Tribute to Aquarius song man Paul Joseph Neilson
IN A poignant performance of melodious circularity, 200 mourners came together in song on Saturday to celebrate a large man who was larger than life.
After a moving, rainbow-splashed funeral, a 200-strong procession made their way through Cullen Street to the Bush Theatre to celebrate Paul Joseph, singing the song which the luminous Aquarius pioneer seemed to embody.
Nimbin resonated with his hippie anthem May the Long Time Sun Shine Upon You from A Very Cellular Song first played by the Incredible String Band.
Paul often spoke of the epiphanous moment when he spontaneously led 1500 hippies with the song, like the Pied Piper, during Nimbin's famous Aquarius Festival.
His son, jazz musician Willow Neilson gave a moving speech about his 'rebel and ratbag' Dad who died after a long battle with cancer:
From son to father
"I find myself looking into a space where my father laid before he was taken away.
Listening for his laugh, his bass voice booming through the house.
There is a gap in the world now.
A huge presence left empty.
"I already miss being enfolded in his bear-like hugs, feeling the vibration of his voice all around."
"Paul Joseph is actually Paul Joseph Neilson.
"He was also known as PJ to the many who knew him and everybody seemed to know him.
"I grew up as the son of a local celebrity.
"As I grew older I found that he was known by a number of labels:
"Leader, Visionary, Spokesperson, Revolutionary, Rat Bag, Rebel, Agitator, Don Juan, Performer, Artist, Poet, Salesman, Shit-stirrer, Songman.
"We just called him Dad.
"Paul was a big man, tall with a huge presence and a with a voice that could project above a crowd, ideas that he communicated clearly and passionately.
"Born into a working class family in Newcastle of railway workers and coal miners, Dad rejected the mainstream culture, broke with accepted traditions and forged a new path for himself. His brothers - a barrister, a financier and a police chief and Dad, the hippy.
"He brought so much laughter, he shook things up and he brought so much music.
"Music - Dad's bliss. It's what we shared as father and son. We would jam into the evening until late.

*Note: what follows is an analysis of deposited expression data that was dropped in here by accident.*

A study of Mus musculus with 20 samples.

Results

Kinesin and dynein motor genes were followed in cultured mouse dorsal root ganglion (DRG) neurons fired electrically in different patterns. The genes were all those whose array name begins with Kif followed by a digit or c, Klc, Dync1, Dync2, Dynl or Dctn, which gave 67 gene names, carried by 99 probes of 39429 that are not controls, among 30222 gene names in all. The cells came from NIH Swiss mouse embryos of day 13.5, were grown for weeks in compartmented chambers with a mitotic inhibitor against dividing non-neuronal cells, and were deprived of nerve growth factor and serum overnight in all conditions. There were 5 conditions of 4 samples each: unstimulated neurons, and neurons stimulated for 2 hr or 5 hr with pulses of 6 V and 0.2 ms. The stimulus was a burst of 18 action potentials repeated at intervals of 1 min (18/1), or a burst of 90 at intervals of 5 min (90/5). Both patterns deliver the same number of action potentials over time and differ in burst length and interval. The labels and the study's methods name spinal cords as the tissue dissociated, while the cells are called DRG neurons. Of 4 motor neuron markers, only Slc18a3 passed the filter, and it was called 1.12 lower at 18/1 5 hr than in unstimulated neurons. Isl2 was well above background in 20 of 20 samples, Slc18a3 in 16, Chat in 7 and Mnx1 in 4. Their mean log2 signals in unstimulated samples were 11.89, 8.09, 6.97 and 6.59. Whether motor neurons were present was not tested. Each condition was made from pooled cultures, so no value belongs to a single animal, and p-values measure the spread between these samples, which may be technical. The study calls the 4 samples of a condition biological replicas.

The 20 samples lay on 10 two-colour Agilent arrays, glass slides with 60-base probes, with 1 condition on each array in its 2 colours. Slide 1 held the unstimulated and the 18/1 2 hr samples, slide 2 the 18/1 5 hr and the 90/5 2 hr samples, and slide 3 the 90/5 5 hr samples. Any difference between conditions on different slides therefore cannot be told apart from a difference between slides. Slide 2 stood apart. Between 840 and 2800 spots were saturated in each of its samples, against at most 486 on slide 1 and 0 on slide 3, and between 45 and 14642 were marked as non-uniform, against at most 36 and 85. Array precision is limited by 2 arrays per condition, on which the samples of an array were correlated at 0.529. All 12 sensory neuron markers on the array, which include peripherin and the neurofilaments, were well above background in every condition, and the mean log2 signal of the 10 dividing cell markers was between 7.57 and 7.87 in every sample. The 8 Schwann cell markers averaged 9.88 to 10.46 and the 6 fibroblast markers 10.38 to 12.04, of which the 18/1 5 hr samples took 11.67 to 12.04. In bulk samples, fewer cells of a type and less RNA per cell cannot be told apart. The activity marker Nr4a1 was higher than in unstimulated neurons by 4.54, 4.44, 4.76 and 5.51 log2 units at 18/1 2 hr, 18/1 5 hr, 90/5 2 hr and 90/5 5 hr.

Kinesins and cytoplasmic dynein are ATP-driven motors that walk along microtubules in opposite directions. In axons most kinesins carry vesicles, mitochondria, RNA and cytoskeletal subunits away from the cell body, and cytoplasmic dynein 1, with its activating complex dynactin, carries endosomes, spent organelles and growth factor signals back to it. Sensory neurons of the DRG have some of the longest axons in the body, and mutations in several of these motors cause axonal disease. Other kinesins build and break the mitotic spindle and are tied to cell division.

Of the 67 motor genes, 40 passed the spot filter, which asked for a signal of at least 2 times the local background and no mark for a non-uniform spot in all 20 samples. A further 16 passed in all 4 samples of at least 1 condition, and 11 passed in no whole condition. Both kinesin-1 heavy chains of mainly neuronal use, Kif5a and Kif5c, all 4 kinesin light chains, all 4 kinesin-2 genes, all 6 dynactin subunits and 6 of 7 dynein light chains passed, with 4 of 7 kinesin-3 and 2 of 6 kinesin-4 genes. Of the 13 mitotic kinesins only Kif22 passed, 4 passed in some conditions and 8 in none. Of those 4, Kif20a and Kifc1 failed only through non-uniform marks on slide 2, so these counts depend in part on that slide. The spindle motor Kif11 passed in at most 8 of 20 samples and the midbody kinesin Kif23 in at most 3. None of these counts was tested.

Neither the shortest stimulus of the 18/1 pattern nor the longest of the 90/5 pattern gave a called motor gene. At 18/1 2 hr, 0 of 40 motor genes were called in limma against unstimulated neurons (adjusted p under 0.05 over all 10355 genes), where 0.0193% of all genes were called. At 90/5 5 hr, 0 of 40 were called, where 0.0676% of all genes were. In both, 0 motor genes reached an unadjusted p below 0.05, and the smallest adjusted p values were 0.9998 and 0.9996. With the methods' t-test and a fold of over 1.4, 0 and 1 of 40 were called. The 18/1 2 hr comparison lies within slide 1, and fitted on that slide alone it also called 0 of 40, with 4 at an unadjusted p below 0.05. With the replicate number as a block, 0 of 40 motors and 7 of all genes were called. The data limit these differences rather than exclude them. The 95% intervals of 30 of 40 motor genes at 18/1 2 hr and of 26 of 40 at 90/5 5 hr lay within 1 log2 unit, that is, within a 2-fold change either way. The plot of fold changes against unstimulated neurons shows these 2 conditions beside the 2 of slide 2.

"He leaves us a legacy of song ... and that spirit projected so powerfully within his vocal melodies has now dissolved into the great song of this universe.
"It was his tool of choice and big role in the hippie movement. He showed me its power for creating community connection."
His Last word
Recovering from his first round of radiation treatment in March - his lung cancer had spread to his lymphatic system and brain - Paul Joseph spoke to Melissa Gulbin,
Reflecting on the legacy of the Aquarius Festival and the multiple occupancy Tuntable Falls community that followed:
I have had my worries that we were a flash in the pan but I believe what we did here is absolutely historical.
If the place survives long enough - the planet that is - I believe it will eventually be seen as not only worthwhile , but a pathway for people.
I set up Tuntable Falls.
Sold all the shares for $200 a share in 1973 and 74.
Well now it's still going and there are grandchildren living there.
Nothing like the dream that I had but it wasn't my right to have a dream.
You do something, but it's up to the people who take it on.
That's the lesson.
But still the most amazing thing was that we created a true democracy.
A living democracy and that is the thing that survived.
In historic terms, and this possibly sounds boastful, but what the heck, it was the most successful social democratic community created in our history.
I hated the idea of alternative society, because I always thought we should be transforming rather than creating something different but nevertheless, it stuck.